Breast-cancer researcher undeterred by protests

The UCSC scientist targeted at her home by protesters is undeterred by the violent nature of the confrontation and says cancer remains her primary foe.

In a wide-ranging interview, the researcher, whom Currents is not naming to protect her privacy, discussed her work on breast cancer, her background and motivations, the impact of the Bush administration on scientific research, and the challenges of being a working mother.

"My grandmother died of ovarian cancer when I was 10 years old," she said. "That was back when they didn't manage cancer well, and they certainly didn't manage the pain well, and I just remember how horrifying it was to see someone die like that."

Cancer has struck her immediate family twice since then: Both of her sisters have been diagnosed, one with cervical cancer at the age of 20, and the other with colon cancer.

"That's why I think what I do is so important," she said. "Cancer touches all of us. I'm very clear that being a biomedical researcher is who I am. I couldn't do anything else."

Her interest in science began as an undergraduate at a small, liberal arts residential college within a large public university.

"I wasn't a kid with a chemistry set," she said. "I come from a liberal arts family. I had no models for becoming a scientist. I went to college thinking I'd be a writer. I was an English major."

Then she got a work-study job in a water-quality lab and thought she would become an environmental scientist--until she heard a talk on cancer research. "I became fascinated with how genes are regulated and, more importantly, how they are de-regulated during cancer," she recalled. "As I got deeper into the field, I realized I could satisfy my curiosity and help people like my sisters and grandmother."

It was as a postdoctoral researcher that she conducted ground breaking work on the molecular cues that direct the development of the nervous system, which paved the way for her current work trying to understand how these same cues operate during breast cancer development. This research promises to identify novel therapeutic targets and generate new treatment strategies.

She joined the UCSC faculty in part because of the campus's residential colleges, a grading system that includes narrative evaluations, and the opportunities undergraduates here have to participate in scientific research.

"I wanted to teach and have a lab that incorporates students in research, because personally I found it difficult to have this opportunity as an undergraduate," she said. "For me, coming to Santa Cruz was a choice. I received an offer from a medical school, but I wanted to be here because I felt the supportive environment at UCSC would allow me to successfully balance having a family, being a teacher, and doing research."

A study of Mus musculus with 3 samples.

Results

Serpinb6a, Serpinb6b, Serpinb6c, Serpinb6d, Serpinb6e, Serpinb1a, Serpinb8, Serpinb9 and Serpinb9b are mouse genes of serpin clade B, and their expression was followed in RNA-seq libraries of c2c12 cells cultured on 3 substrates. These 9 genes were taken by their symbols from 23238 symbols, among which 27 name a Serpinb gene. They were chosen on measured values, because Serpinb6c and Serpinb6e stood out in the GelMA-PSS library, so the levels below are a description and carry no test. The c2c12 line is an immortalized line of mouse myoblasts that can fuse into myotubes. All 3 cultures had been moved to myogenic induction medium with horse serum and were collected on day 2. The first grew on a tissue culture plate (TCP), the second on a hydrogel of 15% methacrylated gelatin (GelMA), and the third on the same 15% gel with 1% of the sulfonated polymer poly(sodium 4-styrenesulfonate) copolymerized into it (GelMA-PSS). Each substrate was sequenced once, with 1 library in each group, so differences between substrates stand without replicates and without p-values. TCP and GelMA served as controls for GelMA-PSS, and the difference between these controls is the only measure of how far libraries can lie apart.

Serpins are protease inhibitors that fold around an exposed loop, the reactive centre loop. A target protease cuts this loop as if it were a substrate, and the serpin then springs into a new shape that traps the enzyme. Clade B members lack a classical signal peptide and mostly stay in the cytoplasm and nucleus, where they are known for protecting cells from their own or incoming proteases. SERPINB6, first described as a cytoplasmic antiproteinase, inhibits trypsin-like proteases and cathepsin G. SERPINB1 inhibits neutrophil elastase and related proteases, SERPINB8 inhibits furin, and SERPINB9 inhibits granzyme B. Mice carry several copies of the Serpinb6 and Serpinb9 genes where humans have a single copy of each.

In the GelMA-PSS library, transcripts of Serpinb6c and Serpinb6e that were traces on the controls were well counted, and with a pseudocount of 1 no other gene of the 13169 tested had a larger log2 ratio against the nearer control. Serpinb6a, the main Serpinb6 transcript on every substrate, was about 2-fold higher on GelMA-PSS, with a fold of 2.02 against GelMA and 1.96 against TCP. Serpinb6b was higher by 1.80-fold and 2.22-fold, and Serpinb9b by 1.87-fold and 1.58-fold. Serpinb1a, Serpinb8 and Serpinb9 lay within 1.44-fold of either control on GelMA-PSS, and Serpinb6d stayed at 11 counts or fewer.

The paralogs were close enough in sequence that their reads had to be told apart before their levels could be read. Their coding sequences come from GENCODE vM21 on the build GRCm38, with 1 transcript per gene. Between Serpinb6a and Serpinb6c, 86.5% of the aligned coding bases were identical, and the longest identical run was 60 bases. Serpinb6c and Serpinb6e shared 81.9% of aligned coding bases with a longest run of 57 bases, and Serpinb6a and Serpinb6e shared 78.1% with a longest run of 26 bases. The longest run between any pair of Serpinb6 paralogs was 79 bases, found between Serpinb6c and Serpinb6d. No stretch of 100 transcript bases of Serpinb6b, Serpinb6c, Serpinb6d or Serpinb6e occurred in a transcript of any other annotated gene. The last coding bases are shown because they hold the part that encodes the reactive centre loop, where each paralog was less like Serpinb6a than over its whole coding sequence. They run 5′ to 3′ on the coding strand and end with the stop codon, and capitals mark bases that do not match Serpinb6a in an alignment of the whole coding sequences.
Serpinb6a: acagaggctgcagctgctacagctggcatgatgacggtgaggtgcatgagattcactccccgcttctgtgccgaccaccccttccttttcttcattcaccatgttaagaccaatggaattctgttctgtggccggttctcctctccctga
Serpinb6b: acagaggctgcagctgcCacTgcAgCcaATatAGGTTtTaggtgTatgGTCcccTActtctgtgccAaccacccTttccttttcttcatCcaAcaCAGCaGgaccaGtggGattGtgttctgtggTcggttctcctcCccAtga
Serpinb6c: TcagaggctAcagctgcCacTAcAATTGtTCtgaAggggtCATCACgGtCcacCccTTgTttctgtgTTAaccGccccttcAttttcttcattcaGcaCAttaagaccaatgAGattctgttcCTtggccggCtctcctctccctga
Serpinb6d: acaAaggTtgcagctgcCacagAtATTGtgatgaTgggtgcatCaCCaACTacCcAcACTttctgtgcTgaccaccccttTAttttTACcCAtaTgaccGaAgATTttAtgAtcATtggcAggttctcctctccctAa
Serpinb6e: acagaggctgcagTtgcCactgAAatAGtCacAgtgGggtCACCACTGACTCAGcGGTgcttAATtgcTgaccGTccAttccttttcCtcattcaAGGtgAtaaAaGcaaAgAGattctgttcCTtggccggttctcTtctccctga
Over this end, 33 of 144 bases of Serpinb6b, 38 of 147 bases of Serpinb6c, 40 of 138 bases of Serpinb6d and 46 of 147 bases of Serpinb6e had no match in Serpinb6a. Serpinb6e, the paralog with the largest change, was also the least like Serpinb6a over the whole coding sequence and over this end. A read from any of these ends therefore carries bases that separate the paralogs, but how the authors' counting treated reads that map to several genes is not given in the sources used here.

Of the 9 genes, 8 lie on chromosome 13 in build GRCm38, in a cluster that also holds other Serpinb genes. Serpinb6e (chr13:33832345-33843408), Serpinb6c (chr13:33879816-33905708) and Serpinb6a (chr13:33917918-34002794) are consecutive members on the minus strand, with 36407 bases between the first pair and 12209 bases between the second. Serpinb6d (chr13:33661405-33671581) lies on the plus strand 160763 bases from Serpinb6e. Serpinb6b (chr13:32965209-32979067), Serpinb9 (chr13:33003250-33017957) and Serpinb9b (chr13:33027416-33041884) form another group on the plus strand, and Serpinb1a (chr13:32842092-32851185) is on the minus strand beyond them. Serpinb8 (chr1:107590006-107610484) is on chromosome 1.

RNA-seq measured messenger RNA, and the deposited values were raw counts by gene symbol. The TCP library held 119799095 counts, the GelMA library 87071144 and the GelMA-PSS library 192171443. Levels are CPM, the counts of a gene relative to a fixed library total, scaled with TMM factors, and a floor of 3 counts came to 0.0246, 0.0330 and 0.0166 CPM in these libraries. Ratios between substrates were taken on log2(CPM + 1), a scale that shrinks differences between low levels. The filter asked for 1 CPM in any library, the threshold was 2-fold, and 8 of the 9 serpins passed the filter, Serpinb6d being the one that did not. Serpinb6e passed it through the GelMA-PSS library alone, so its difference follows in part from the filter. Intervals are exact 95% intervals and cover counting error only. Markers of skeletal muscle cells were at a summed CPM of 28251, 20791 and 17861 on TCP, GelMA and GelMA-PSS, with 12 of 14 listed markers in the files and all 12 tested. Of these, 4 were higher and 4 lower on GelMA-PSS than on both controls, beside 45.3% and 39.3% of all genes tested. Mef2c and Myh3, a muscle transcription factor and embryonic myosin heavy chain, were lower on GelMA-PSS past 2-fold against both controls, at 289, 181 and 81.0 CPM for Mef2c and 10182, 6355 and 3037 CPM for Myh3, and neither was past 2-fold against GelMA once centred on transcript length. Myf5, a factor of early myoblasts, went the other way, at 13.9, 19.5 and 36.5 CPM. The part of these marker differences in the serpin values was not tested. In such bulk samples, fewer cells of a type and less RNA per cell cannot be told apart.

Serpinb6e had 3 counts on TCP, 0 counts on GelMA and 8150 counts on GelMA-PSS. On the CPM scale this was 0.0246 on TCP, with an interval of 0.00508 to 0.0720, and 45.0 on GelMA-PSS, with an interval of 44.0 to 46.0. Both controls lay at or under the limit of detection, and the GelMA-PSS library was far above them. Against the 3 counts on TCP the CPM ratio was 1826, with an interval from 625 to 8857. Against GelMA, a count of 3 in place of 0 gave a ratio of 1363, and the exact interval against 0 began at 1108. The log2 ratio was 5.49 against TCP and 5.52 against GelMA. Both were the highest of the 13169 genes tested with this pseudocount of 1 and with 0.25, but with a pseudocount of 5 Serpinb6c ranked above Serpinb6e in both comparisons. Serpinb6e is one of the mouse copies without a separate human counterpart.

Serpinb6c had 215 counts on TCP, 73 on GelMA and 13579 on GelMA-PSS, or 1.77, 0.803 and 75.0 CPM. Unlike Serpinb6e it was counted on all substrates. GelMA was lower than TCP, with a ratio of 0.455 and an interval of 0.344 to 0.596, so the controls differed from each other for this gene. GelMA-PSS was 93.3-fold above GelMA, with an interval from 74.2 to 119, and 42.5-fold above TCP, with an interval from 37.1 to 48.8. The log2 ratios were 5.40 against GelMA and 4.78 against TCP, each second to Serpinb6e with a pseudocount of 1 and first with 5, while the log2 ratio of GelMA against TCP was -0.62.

Today, seven undergraduates are a central part of the team of researchers in her lab, which costs about $250,000 a year to operate. Undergraduates perform a lot of the work, and she called them a "fabulous group."

"They are willing to invest time and effort to participate in the research, and in return they learn about the magic of scientific exploration. Together, we discover what nobody knows," she said, her voice rising in awe.

In fact, she thought she would have to close her lab until she qualified a few weeks ago for a major grant from the National Institutes of Health for her breast cancer research. "It's been a hard eight years with the Bush administration," she said. "Science funding is at an all-time low. It seems that the government chooses to wage two wars rather than invest in science in America."

News of the grant was an enormous relief. "I feel like I have a new lease on my scientific career," she said. But about three weeks ago, protesters chalked intimidating graffiti on her front walkway. And on February 24, a group of black-clad, hooded intruders with bandanas covering their faces stormed the front of her home. "They terrified my children and me," she said. "My husband was able to drive them away and a neighbor called the police. "

"We have a lot of political discussions in our house," said the researcher, whose daughter and son are under the age of 10. "We have talked a lot about the first amendment recently and how it is okay to speak up for what you believe in, but it is not okay for intruders to come onto our property."

"My daughter is really proud of me," the researcher said of her oldest child. "She knows the research I do is important and may contribute to a cure for breast cancer."

"Growing up, my sister had cervical cancer, and today there's an immunization for young women to protect them against this disease," she said. "Now that I am in my 40s, I see friends getting breast cancer. I hope research groups like mine can be as successful in developing a cure for this disease as other research teams have been for cervical cancer. I believe saving human lives is important enough to justify the use of animals for this type of research. But I recognize that there is significant debate on this issue."

The care of animals used in scientific research is strictly regulated. "There's excellent oversight of the work I do," she said. "I justify the use of every animal, and sure, that process is arduous, but it's a good thing. We sit down and carefully think through every experiment."

At the end of the day, she takes pride in her accomplishments.

"I am proud to be a scientist and a public servant," she said. "My husband and I believe in service to the community, and we live our beliefs."